Daily Archives: March 20, 2008

Better late than never

Hurrah for the AJC, which finally discovered the spectacular Shane Durrance photo of the Atlanta tornado. The TV stations have had it since the weekend. The AJC finally put it on their front page today. It’s the definitive photo of this event; it’s nice that the paper of record has gotten ’round to publishing it.


I’m not a fan of morning TV, which I stopped watching when Brokaw switched from “Today” to the Nightly News following the retirement of John Chancellor. The local morning staple, Good Day Atlanta on WAGA, is painful– though legions of viewers clearly love it. The Road Warrior segments are an opportunity for the show to get out of the studio. But they, too, are often painful to watch.

Mark Hyman has a somewhat understated, slightly mad, comedic touch. But when Hyman shows up to do the tour of homes in Roswell— with a tour guide who is exceedingly well coiffed at 7:30 in the morning– the comedic potential seems almost nonexistent. The presentation is informative, but not very memorable. Few situations seem to avail themselves at 7:30am for Hyman to shine.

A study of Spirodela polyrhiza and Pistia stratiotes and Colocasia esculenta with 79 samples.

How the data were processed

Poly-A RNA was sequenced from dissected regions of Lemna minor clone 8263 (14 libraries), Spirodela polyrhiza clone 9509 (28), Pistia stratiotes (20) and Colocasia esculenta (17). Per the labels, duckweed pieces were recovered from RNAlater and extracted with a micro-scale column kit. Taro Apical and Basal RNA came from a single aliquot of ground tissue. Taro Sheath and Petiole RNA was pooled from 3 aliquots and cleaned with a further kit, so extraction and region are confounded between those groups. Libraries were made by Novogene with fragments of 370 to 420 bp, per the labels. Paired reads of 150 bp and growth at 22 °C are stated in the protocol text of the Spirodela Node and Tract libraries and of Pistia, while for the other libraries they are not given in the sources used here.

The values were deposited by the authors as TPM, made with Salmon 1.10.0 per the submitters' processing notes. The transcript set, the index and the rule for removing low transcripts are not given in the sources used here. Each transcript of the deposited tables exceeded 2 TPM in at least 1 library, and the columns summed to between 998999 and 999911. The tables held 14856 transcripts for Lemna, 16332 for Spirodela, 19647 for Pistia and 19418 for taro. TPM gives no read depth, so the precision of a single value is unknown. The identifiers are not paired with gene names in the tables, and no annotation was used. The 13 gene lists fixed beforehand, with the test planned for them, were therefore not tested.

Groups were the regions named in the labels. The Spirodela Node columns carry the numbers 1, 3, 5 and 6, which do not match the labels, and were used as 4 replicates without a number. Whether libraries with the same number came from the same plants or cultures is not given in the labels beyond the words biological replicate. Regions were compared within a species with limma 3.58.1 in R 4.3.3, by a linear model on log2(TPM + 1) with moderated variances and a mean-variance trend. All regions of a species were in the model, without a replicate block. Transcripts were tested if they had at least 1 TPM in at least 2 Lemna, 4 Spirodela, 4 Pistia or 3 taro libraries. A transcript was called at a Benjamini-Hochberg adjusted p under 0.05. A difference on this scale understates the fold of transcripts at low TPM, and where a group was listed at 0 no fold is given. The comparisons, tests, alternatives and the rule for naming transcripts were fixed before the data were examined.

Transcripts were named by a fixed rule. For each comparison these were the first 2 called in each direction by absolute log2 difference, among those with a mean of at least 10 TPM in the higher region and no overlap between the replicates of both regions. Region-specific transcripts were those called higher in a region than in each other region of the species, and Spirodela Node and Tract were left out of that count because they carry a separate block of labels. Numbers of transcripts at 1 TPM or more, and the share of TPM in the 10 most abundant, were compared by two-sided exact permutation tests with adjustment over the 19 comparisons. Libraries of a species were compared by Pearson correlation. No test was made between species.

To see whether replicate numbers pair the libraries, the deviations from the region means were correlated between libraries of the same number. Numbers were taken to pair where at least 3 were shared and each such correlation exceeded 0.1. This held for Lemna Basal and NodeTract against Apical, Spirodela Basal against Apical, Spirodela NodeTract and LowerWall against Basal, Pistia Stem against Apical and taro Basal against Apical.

Hyman is a vast improvement over his predecessor Bret Martin, who now shills for movie promoters at WGCL’s Better Mornings show. At WAGA, Martin’s shtick was to demean himself on-camera whenever possible. Now, as a “movie reviewer,” he shamelessly promotes the worst drek in Hollywood. While interviewing the star of a movie called Never Back Down, Martin likened the actor (whose studio likely flew Martin to Hollywood to interview him) to a young Tom Cruise. The New York Times called the movie “lunkheaded.” The Minneapolis Star-Tribune said it had “no brains.” Martin called it “forgettable,” in an otherwise favorable piece that doubtlessly pleased the movie’s promoters.

At least Martin wasn’t interviewing an attractive starlet. He tends to salivate openly in the presence of female hotness.

46’s Better Mornings show isn’t a news program, which is their “out” for adhering to any standards of objectivity or journalistic ethics. It’s hard to imagine that morning TV can become any less watchable.  But by gosh, the suits in TV land are trying.